Trustee Act 2000

28th March 2013

The Trustee Act 2000 obliges Trustees to ensure Trust assets are invested appropriately, tax efficiently, and regularly reviewed. The Trustee Act 2000 outlines the responsibilities of Trustees but does not address the practicalities of Trust administration.

Image courtesy of Meyer Cha… Flickr

Below are a few tips to assist you in performing your duties:

  1. Obtain a copy of the Trust deed. This document sets out the objectives of the Trust and provides the mandate for the Trustees, including their investment powers.
  2. Find out whether the Settlor of the Trust has executed a letter of wishes, which would be read in conjunction with the Trust deed and provide non-binding guidance as to the Settlor’s intentions. It is often considered desirable to have a letter of wishes where beneficiaries could have conflicting claims on the Trust.
  3. Diarise important dates such as the dates when interest in the Trust will vest, the 10-year anniversaries of Discretionary Trusts and dates for agreed distributions of Trust funds.
  4. Check to ensure that all of the Trust assets are in the names of the Trustees or under their control.
  5. Ensure that investment advisers are properly briefed as to the objectives of the Trust and any letter of wishes, and that in the case of discretionary investment managers, a policy statement is agreed which accurately reflects the risk profile of the beneficiaries and the need to balance their interests.
  6. Hold regular meetings between Trustees, investment managers and, where appropriate, beneficiaries. Ensure that the meetings are minuted so as to provide an audit trail to demonstrate compliance with the requirements of the Trustee Act. If there is a power to accumulate funds, it is wise to record whether or not this power is being exercised.
  7. Keep accounts that can be considered by the Trustees and supplied to beneficiaries, so as to demonstrate transparency and reduce the risk of possible criticism by a disgruntled beneficiary.
  8. Keep records of beneficiaries and their addresses up-to-date, so as to avoid the cost of having to locate missing beneficiaries at a later date.
  9. If any beneficiary could be vulnerable, for example on account of youth or age or infirmity, ensure that no one is exercising inappropriate influence. It may be necessary to request receipts, to prove how monies distributed from the Trust have been spent.
  10. Check from time to time that beneficiaries to whom payments are being made are not subject to bankruptcy orders.
  11. Be mindful of the requirement of Section 4(2) of the Trustee Act to review Trust investments regularly. The seminal case of Nestle v NatWest Bank provides a salutary warning of the consequences of neglect.
  12. If the Trust has made a loan to a beneficiary which is subject to interest, make sure that the interest rate being charged is competitive and that other beneficiaries are not being unfairly prejudiced.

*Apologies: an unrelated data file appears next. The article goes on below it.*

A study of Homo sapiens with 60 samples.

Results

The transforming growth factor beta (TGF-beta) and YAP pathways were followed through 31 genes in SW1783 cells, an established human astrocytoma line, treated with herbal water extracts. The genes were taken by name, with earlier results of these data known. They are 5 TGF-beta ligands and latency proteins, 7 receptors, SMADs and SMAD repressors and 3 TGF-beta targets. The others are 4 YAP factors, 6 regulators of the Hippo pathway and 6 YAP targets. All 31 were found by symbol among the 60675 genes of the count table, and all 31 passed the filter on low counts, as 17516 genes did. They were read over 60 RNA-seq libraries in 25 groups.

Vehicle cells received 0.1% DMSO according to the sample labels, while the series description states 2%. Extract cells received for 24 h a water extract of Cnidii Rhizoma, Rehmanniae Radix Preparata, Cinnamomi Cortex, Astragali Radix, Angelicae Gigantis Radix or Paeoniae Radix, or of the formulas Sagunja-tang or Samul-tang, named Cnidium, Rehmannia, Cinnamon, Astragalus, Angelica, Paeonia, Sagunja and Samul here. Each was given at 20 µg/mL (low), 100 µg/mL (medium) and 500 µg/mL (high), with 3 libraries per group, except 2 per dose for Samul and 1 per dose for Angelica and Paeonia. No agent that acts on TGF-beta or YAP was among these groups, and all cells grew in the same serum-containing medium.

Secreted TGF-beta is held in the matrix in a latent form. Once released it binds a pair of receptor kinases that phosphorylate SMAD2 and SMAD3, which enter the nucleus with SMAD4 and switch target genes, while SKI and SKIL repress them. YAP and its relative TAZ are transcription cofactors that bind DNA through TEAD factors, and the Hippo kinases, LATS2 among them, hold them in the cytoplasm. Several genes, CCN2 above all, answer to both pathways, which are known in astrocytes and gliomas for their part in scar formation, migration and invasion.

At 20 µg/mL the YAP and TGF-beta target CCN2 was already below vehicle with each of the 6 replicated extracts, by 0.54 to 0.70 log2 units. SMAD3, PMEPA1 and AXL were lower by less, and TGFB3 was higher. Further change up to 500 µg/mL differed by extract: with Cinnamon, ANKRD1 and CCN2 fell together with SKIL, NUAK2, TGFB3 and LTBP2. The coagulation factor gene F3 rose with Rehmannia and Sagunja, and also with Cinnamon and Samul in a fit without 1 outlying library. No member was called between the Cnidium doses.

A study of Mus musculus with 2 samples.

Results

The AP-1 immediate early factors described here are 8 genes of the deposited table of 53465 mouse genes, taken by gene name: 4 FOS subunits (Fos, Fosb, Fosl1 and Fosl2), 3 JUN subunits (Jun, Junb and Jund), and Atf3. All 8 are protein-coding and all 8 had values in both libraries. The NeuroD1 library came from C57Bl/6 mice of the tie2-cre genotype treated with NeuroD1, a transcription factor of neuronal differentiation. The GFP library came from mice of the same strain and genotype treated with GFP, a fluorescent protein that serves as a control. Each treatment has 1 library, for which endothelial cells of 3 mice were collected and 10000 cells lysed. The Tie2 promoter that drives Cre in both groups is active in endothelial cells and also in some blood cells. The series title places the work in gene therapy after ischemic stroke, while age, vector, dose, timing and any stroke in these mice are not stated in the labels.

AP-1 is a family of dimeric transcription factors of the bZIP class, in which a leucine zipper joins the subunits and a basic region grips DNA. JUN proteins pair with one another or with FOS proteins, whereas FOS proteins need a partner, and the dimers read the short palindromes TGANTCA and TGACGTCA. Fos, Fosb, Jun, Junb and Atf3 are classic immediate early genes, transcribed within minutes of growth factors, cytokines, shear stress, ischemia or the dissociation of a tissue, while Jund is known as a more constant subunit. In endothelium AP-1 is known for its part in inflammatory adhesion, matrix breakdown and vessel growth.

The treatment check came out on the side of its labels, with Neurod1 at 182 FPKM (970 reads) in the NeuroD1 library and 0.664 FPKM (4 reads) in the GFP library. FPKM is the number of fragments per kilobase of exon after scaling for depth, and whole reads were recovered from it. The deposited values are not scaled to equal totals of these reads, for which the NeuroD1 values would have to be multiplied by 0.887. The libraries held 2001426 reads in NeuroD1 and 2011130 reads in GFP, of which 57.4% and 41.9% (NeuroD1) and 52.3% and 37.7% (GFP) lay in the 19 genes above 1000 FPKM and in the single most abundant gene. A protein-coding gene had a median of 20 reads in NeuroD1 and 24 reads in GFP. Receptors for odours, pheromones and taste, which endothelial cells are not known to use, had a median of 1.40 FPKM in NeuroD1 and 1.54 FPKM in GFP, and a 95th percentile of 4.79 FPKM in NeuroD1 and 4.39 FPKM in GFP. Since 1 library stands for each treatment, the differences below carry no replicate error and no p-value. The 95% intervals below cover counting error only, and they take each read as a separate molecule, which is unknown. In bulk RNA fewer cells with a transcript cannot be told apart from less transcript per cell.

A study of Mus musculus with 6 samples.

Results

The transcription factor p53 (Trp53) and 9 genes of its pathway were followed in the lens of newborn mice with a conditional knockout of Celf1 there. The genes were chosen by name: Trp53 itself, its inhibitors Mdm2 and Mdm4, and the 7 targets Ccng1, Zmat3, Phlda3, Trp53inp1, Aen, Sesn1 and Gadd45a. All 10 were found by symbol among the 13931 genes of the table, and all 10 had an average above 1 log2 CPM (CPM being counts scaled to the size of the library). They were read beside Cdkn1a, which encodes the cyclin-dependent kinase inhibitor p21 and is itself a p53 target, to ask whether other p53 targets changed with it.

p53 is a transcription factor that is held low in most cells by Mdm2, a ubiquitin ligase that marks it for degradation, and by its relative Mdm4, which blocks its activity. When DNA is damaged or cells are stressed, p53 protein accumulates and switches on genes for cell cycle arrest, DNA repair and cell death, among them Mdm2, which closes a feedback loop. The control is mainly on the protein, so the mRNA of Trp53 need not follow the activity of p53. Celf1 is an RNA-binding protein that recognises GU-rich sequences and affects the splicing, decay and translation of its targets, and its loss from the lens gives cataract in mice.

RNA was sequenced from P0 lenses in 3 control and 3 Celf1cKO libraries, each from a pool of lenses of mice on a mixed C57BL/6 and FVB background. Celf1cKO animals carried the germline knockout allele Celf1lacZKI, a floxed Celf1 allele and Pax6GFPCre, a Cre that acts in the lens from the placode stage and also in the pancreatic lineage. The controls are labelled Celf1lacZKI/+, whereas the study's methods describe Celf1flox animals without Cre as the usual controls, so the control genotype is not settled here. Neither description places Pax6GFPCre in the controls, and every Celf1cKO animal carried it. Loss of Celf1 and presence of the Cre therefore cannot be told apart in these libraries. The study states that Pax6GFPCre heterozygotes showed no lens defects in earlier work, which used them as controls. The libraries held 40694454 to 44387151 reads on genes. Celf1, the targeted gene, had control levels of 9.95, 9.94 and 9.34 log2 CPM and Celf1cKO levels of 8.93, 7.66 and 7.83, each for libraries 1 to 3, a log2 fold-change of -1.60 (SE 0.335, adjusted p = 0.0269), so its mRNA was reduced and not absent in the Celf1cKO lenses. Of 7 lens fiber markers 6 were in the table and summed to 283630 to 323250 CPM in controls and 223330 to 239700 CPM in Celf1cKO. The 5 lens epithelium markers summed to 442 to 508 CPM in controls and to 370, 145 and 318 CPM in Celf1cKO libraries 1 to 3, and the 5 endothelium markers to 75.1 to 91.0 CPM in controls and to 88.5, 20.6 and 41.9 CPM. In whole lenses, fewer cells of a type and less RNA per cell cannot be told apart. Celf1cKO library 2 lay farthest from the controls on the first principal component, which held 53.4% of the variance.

13. Ensure that full use is made of the Trustees’ annual Capital Gains Tax exemption, but check first that the settlor has not created more than one trust, because the value of the exemption will be divided between all relevant Trusts.
  14. Report investment losses to HM Revenue and Customs to ensure that these can be set against capital gains.
  15. If the Trust has a ‘tax pool’ of tax paid by the Trustees in earlier years on income, which was received but not distributed to the beneficiaries, consider whether this might be used to distribute income to beneficiaries who either are not subject to income tax or pay income tax at the lower rate. This will allow some, or all, of the tax previously paid to be reclaimed.
  16. If the settlor could stand to benefit from the Trust, liaise with the settlor or their accountant to find out if they have received a tax reclaim which is now due back to the Trust because the Trustees have paid tax at the higher rate, which is applicable to trusts.
  17. Be aware of the tax implications of distributions of capital made by the Trustees from the Trust funds or assignments of interests under the Trust. If a Trust is being wound up it might not be appropriate to pay monies if the would-be recipient is:
    – Receiving means-tested benefits
    – Involved in divorce proceedings
    – Being assessed for nursing home fees
    – Subject to an increased liability to inheritance tax
  18. Where the Trust assets include property, make sure that this is properly insured and that the insurance company has noted the Trustees’ interests. Also, ensure that the property is being properly maintained; and make sure that any life tenant is complying with any requirement to meet the costs of repair and insurance.
  19. Finally, Trustees need to be aware of the responsibilities which Trusteeship entails, and the risk of personal liability if these are neglected or paperwork is ignored. Those who do not feel able to take on these commitments might be invited to step down.

We offer a Trust Review Service to our Trustee clients to ensure compliance with the act. For more information about this service or to find out how we can help you create a clear strategy for dealing with the implications of the Trustee Act, please contact a member of our team.